Our View | Budget Calls for Strategic Planning


Alexandria, like most municipalities around the country, relies heavily on real estate taxes as a revenue source. About 56 percent of the citys revenue is projected to come from real estate taxes in the coming fiscal year. In booming times thats fine, but in a recessive economy and stressed budget year it can be extremely difficult to balance the budget. We believe there is no time like the present to tackle difficult problems: lets explore ways to diversify the citys money reservoir into varied revenue streams while examining, as a community, what we can live without.

Surely commercial and residential real estate taxes should and will continue to supply a significant share of Alexandrias revenues. But with the value of the average home dropping almost $24,000 since last year and a continued downward pattern expected, residential real estate is not the investment it used to be. Commercial real estate is not far behind. Vacant storefronts dot the citys business districts and small business owners are getting hit hard despite blowout sales and special incentives.

The city manager made it clear with his proposed budget that maintaining a static tax burden for homeowners is a priority, evidenced by the proposed tax rate increase which would do just that. Raising taxes to inch out of a recession is not an ideal method, but when property values are down the city is left with little choice.

In the short-term, city officials will seek revenues from almost any source. But making minimal budget cuts off the top while shuffling taxes around is a short-sighted approach. The times we find ourselves in with the global economy in freefall and our countrys future economic structure uncertain call for more than short-sighted, short-term solutions. We urge our city officials to think big, think strategically, and think long-term.

Step one would be to find ways to diversify revenues (officials have expressed interest in the idea) and become less dependent on the real estate market. This needs to be done, but done without placing an undue tax burden on our small businesses that are struggling to survive.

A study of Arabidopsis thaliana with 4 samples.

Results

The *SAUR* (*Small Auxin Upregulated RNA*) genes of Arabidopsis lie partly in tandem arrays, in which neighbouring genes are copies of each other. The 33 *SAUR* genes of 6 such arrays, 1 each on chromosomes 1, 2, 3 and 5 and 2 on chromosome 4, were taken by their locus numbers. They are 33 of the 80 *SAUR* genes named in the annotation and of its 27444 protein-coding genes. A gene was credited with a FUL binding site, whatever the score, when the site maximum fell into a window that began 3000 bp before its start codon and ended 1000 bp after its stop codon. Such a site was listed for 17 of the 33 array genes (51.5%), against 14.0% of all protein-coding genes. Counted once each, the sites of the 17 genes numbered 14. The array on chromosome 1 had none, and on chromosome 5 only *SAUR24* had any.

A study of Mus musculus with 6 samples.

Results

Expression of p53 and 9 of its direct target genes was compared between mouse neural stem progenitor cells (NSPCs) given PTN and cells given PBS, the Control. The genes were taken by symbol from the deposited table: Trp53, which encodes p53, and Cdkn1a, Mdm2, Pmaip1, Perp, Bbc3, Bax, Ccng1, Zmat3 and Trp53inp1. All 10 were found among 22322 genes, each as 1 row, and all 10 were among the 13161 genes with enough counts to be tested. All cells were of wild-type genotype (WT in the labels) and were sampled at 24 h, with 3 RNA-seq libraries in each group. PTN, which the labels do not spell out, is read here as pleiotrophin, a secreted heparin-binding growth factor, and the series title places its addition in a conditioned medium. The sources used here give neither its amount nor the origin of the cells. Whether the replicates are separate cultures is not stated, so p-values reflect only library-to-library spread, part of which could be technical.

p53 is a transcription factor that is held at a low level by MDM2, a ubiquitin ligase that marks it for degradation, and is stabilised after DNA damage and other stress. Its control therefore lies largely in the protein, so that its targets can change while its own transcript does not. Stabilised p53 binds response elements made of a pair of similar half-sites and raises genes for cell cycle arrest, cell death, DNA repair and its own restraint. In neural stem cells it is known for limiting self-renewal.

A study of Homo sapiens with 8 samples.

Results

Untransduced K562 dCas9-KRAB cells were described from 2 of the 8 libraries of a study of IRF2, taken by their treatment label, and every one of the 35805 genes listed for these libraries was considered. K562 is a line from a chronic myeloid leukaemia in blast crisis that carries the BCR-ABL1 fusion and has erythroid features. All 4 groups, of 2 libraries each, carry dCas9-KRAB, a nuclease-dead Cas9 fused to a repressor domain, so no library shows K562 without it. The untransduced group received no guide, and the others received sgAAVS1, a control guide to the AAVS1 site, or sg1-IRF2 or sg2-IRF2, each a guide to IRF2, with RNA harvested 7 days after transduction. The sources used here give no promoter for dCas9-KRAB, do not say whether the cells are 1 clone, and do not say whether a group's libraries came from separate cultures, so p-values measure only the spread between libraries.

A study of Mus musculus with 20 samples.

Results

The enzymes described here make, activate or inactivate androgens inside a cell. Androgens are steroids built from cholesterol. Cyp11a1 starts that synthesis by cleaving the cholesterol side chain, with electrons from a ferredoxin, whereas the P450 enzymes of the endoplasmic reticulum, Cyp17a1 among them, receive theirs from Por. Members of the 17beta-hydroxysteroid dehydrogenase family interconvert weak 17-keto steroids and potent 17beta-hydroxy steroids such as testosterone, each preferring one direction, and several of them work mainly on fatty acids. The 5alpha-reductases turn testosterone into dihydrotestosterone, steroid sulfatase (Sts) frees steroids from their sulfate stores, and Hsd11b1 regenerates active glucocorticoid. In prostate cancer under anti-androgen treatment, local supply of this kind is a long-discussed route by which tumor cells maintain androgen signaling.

A long, difficult look must be taken at all entities that the city funds. The city managers proposition to cut 121 city positions and freeze pay is a painful but necessary start. But this is only a very small first step toward the kind of overhaul that is probably necessary. Now is the time to look at city agencies, to see if some can be eliminated and others consolidated. To examine if the city needs to be providing all of its current services. To see if some services might be provided more efficiently if they are privatized.

A long look also needs to be taken at the capital improvement program, in which $128 million in unfunded projects loom large. These projects took time, money and human productivity to plan and now remain just that plans. Some of these developmental plans, while noble, lack the funding to become reality and should be shelved indefinitely.

As desperate times call for desperate measures, we need to be taking steps now to avoid desperate times down the road. City officials took some measures preparing for the current downturn starting a few years back. What we need now is the same kind of premeditated planning only on a much larger scale rather than reactive undertakings.

The city needs to find ways to diversify the revenue base soon, make deep, strategically planned budget cuts, and undertake efficiency measures. These steps, rather than distant capital improvement wish lists, would better serve the city and its residents. Progress in the future can only be achieved by solving todays issues with immediacy.